When I became a homeowner, I couldn’t wait to put down roots. Asparagus roots, that is! A perennial, asparagus is a little more demanding than your average homegrown vegetable, but it pays you back with interest for several years.
Plant healthy asparagus roots in eight-inch deep trenches in early spring. Water during dry spells that first year, but don’t overdo it. Asparagus doesn’t like to be water-logged. Your biggest challenge will be keeping weeds at bay. Try mulching to make this chore easier.
Watch for asparagus beetles to attack your asparagus tips. The bugs can be picked off by hand and disposed of in a jar of alcohol.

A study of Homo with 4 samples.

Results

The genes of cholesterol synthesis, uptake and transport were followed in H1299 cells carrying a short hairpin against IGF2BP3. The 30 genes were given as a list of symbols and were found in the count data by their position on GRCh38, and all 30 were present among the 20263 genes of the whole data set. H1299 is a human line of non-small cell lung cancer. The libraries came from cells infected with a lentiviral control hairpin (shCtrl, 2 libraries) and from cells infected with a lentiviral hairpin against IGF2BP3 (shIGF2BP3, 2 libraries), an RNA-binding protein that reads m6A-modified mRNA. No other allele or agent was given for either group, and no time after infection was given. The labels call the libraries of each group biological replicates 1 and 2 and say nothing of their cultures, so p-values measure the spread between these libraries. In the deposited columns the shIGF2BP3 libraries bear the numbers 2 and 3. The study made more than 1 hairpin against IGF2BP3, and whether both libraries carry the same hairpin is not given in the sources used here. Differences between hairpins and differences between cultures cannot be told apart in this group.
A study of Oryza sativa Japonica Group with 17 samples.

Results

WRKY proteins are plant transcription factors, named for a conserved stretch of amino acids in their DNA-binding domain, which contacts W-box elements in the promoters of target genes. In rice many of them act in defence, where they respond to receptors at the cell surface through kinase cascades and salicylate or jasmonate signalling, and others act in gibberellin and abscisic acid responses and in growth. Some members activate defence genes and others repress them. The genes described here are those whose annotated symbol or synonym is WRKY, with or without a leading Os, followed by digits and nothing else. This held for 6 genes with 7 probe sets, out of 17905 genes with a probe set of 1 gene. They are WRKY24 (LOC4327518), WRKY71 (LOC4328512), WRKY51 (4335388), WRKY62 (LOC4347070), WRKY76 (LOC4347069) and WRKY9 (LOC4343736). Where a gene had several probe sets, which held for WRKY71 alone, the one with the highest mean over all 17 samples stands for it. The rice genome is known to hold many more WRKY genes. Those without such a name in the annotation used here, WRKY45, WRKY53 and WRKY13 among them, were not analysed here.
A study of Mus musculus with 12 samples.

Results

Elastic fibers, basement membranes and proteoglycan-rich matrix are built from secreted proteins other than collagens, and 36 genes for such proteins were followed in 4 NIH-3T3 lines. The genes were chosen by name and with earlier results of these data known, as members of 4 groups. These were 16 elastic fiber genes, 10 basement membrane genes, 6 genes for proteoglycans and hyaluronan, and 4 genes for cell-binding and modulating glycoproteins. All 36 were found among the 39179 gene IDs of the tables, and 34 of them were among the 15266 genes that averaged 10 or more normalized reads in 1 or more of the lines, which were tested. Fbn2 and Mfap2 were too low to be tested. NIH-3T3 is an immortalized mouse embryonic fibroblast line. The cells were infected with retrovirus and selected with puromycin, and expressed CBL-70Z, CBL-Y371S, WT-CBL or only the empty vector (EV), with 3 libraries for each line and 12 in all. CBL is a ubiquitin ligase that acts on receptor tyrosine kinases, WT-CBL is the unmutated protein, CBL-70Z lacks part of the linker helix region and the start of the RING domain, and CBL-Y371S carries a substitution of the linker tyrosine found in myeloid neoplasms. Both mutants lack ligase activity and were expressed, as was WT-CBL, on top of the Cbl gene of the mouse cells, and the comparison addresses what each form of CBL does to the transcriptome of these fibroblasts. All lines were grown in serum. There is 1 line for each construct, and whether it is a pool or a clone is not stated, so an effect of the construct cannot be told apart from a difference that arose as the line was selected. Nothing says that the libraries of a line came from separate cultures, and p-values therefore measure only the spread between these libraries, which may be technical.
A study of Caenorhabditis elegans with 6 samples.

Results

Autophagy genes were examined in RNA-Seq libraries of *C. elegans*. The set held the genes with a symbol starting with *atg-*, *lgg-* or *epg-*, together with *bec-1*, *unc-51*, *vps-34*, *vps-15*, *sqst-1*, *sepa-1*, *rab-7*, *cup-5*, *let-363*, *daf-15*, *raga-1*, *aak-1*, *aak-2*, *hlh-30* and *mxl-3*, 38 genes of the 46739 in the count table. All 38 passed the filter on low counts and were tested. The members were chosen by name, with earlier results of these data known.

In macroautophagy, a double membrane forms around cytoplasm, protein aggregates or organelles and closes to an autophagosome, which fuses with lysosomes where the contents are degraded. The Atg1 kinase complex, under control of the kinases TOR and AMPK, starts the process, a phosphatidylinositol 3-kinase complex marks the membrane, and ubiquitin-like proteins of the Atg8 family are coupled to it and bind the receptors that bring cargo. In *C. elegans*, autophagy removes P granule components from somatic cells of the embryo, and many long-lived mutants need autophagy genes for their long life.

You won’t be picking asparagus during the first year of growth. The idea is to allow the plants to establish themselves first. Any spears that are thinner that a pencil should be left to develop into ferns, which will in turn feed the roots of the plant. In the fall, leave the ferns in place until they die naturally.
Often called the “Food of Kings,” asparagus has a long history dating back to the ancient civilizations of Greece and Rome. It is said that King Louis XIV of France ordered that special greenhouses be erected so he could enjoy asparagus year-round.
If time and space constraints keep you from growing asparagus at home (or you picked your crop and ate it on the way back to the house), look for these delicious spears at a nearby farmers’ market.
There’s just one more thing to recall about this royal vegetable: As it is loaded with amino acids and vitamins, it may impart a strong odor to your urine. Don’t panic! This common side effect shall pass, and until it does, endure it as a badge of honor for having treated yourself to a delicious, natural, nutrient-packed food.